The fast-eroding relationship between Speaker of the House Paul Ryan (R-WI) and Donald Trump is about as friendly as the one which existed between Soviet Russia and Nazi Germany.
Many have been quick to descry Ryan, who has seemingly gone through more positions on Trump than a ballerina, and other party members for disavowing the nominee so close to an election that Republicans need to win lest their long-term durability as a national party be challenged.
But those who point out that Ryan and other GOP party leaders up for re-election who are jumping on and off the electoral carousel in time with opinion polling are doing so precisely because the right cannot afford to be out of the White House for 12 years also have a point.
There is a central conflict here. Trump, as the candidate hoping to be the elected head of the party, has the right to expect support from the party which vetted him through an arduous, scrutinizing primary process. On the other hand, Ryan and others who already have political power, have the right to expect the candidate maintain a standard of conduct in keeping with the principles of the party. They also have a right to expect that their candidate is spending the crucial weeks before the election focused on attacking political opponents, not members of the party who exert their independence of conscience.
It is possible for both Ryan’s waffling and Trump’s behavior to be unacceptable. To coin a phrase: political loyalty is a two-way street.
The devolving spat, however, does raise a question which is crucial to the function of electoral politics: what are the reasonable parameters of intraparty loyalty? Does running for office under the auspices of a political party mean ceding the right to free expression. To some degrees, yes. For example, the GOP’s platform is specifically for the lowering of taxes wherever possible. No one who represents the party has any right to expect to be allowed to advocate for tax hikes and continue receiving party support.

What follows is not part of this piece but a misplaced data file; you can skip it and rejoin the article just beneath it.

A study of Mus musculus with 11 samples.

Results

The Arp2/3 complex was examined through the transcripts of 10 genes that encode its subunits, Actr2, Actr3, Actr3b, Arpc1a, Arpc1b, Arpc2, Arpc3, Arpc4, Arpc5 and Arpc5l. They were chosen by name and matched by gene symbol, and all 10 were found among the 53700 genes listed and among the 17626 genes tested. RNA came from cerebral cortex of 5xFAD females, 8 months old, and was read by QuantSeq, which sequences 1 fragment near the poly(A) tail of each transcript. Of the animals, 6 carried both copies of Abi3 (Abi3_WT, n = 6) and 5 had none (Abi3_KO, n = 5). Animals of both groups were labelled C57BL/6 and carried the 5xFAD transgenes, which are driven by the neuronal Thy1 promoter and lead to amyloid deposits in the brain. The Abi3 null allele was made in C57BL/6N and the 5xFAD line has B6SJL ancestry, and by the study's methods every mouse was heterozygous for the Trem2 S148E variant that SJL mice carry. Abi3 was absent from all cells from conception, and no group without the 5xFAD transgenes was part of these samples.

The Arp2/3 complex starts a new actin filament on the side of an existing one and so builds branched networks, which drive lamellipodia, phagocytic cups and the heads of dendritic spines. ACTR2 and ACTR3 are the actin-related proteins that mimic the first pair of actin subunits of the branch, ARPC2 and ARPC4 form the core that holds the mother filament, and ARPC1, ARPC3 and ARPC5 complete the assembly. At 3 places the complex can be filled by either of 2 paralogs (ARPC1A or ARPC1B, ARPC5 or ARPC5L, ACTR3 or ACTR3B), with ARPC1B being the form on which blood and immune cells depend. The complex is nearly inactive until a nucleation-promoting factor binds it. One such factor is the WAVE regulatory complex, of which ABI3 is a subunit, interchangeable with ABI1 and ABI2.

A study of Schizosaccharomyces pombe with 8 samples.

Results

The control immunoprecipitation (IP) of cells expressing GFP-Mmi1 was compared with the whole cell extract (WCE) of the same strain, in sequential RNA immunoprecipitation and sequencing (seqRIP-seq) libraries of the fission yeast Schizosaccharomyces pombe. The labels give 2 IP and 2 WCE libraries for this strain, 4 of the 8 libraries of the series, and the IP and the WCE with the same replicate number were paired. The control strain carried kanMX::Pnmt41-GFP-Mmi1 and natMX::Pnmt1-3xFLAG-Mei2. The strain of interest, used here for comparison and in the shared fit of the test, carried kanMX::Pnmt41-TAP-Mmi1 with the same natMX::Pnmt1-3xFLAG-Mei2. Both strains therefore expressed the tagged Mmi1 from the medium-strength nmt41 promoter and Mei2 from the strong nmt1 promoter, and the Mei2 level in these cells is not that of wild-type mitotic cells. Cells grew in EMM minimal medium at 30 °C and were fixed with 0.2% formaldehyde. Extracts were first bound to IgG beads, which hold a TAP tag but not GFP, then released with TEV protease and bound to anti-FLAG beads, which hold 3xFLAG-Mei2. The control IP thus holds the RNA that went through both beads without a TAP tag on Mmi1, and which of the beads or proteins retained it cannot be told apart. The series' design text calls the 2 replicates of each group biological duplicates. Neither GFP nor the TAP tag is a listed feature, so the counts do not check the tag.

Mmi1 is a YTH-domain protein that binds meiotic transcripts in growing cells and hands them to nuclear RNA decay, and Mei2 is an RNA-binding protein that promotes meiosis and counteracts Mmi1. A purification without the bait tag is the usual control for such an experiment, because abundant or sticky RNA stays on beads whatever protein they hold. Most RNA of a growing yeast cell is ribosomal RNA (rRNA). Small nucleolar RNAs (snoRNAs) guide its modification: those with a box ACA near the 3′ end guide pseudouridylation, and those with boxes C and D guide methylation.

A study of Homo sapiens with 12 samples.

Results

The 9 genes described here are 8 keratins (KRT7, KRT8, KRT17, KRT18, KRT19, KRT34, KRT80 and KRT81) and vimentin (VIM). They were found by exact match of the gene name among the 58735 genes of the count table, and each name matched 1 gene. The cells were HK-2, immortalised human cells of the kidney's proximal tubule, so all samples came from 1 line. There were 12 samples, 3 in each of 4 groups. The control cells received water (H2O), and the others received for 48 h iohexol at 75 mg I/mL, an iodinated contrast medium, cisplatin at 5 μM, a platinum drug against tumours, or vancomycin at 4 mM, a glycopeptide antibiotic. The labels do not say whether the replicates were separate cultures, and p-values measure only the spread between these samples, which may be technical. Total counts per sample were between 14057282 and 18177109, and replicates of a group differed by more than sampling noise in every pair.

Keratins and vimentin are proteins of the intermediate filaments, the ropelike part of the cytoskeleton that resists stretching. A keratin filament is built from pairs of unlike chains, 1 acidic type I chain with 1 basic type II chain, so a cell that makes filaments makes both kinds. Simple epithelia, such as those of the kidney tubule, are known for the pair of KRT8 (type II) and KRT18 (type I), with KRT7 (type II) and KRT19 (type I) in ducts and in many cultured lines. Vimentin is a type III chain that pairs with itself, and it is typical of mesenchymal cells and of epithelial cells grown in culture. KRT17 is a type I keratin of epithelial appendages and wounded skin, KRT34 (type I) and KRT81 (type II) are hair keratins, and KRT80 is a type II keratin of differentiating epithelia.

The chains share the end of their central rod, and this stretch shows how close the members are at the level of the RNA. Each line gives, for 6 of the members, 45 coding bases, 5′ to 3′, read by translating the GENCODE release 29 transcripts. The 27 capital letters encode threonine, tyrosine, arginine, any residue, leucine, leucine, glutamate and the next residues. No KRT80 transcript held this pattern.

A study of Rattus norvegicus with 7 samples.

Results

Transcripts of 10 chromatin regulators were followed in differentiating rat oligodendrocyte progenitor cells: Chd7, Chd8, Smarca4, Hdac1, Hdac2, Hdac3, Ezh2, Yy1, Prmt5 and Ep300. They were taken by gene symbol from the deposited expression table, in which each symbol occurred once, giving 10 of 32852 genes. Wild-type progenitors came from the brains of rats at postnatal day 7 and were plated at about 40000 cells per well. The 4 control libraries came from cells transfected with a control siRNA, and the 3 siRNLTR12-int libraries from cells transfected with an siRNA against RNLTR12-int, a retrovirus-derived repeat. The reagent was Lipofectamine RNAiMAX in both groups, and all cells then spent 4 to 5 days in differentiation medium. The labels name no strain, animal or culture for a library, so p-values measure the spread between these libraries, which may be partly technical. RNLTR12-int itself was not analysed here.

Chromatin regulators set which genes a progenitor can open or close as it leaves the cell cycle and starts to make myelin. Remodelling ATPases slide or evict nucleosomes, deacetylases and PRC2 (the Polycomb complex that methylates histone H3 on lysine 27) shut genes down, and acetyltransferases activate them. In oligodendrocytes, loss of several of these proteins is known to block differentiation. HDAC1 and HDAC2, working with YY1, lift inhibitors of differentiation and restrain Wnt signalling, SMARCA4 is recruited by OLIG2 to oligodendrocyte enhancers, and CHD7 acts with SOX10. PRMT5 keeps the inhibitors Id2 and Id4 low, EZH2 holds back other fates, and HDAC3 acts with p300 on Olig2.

Party sponsorship is effectively a contract between a candidate and the party. Each recognizes a need which can be fulfilled by the other and each expects to receive some benefit. For the candidate, it is use of the organization, resources and credibility and recognition which national political parties command. For the party, it is the attainment of greater power and control through leaders who provide a desirable face to constituents and who lobby effectively for policy which supports the ideology around which it is founded.
America, after all, is not a closed political system. True, there are ballot access laws, but these exist more as a check upon non-serious actors who might do damage to the system than more as a way of keeping non-party actors from power. But effective communicators with strong vision can run outside of the party framework. Frequently, they choose not to because of the logistical challenges.
This must be remembered when spats between personalities erupt. Ego is important to electoral politics; it is what gives politicians the boldness to stand before the polity and proclaim their ideas in the best interest of the nation. Strong personalities can be in aid of this as they create an identifiable brand for a party. However, individual will must be subjugated to the party as the good of the former is dependent on the good of the latter. This is true for those who have political power and those who are hoping to attain it.